Utility plans for EVs align with Colorado’s decarbonization goals, says analyst
by Allen Best
DENVER, Colo. – Xcel Energy announced Wednesday a vision to drive toward 1.5 million electric vehicles in its service areas—including a large chunk of Colorado—by 2030. The company also operates in seven other states.
In a sense, this announcement merely confirms the legislative marching orders given the utility by Colorado and several other among the eight states in which it operates. In the case of Colorado, SB 19-077 required Xcel Energy and Black Hills Energy, the two investor-owned utilities to apply to the state’s Public Utilities Commission to build facilities to support electric vehicles and recover the costs. Xcel in May submitted its plan, which is expected to be approved later this year by PUC commissioners.
The announcement should be seen in an even broader context, says Travis Madsen, transportation program manager for the Southwest Energy Efficiency Project, a major player in driving public policy in the energy sector in Colorado.
“Xcel, he said, “is evolving beyond just being an electricity company. It’s also becoming a transportation company. I am excited that the company is embracing the idea that part of what it’s doing is to enable electric vehicles.”
This is from the Aug. 14, 2020, issue of Big Pivots. Go HERE to subscribe.
Colorado legislators in 2019 adopted a raft of energy legislation, the most over-arching economy wise decarbonization goals: 26% by 2025 and, more challenging by far, 50% by 2030. Gov. Jared Polis reasserted and expanded somewhat the goal adopted by his predecessor, Gov. John Hickenlooper, to have 940,000 EVs on Colorado roads by 2030. Polis expanded the plan by including medium and heavy-duty vehicles, although Colorado does not have tax incentives for them, unlike cars.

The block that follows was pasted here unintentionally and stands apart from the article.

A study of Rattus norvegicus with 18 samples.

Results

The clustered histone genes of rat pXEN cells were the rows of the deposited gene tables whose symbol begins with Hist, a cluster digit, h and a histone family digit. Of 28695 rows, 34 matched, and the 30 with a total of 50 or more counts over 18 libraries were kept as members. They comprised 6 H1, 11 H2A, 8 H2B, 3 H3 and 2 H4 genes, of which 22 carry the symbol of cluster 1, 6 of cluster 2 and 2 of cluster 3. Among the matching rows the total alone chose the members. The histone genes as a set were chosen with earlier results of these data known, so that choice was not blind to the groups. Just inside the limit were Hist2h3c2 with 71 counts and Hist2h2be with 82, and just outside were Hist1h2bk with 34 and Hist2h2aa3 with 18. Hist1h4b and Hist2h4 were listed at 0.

Xcel’s ambitions and those of Colorado align very well, says Madsen. He points to an Xcel filing with the PUC of its goal of having roughly 500,000 electric vehicles in its service territory in Colorado. Xcel delivers more than 60% of the state’s electricity.
Madsen says he expects Colorado will meet and then exceed the EV goals because of the simple fact that the economics of vehicle electrification are starting to align. Vehicle costs are changing, and electricity has always been cheaper than petroleum. This was noted by Xcel in the press release posted on its website. “By 2030, an EV would cost $700 less per year to fuel than a gas-powered car, saving customers $1 billion annually.
Xcel’s goals also align with the state’s efforts to decarbonize its electricity. “This activity by Xcel is one of the key ingredients in making that happen,” he says. This vehicle electrification by 2030 will reduce emissions from transportation 40%.
There’s another component: air quality. Air pollution poses a serious health threat to people, and new studies reinforce and expand that understanding. The northern Front Range has had air pollution issues for many decades, less now than 50 years ago, but still dangerous and with a stubborn persistence. There are multiple causes, including oil-and-gas drilling, but transportation exhausts are the single largest cause.
“The more we learn about air pollution and how bad it is, the greater the push to switch,” says Madsen. “The switch to EVs is one of the major tools.”
In its May filings with the PUC, Xcel laid out a multi-pronged approach to aiding the charging of EVs in its Transportation Electrification Plan. It proposes to invest $100 million during three years in electric vehicle infrastructure and programs. See the 48-page plan filed with the PUC here.
These include programs to help people rewire their garages for charging, as most charging is expected to be done at home. The program also calls for efforts to allow those in multi-family housing, such as condominiums and apartments, to have access to charging. Another component addresses fleet-charging. And, if a relatively small part of the program, Xcel proposes how it will figure out where to put expensive fast-chargers in locations that private companies, like EVgo and ChargePoint, do not, because of infrequent use.
Madsen expects PUC approval for Xcel’s plans by early 2021 and the laying out of the programs, which will then accelerate the adoption of EVs in Colorado. The deadline for adoption of the plan was specified by legislators as March 1, 2021.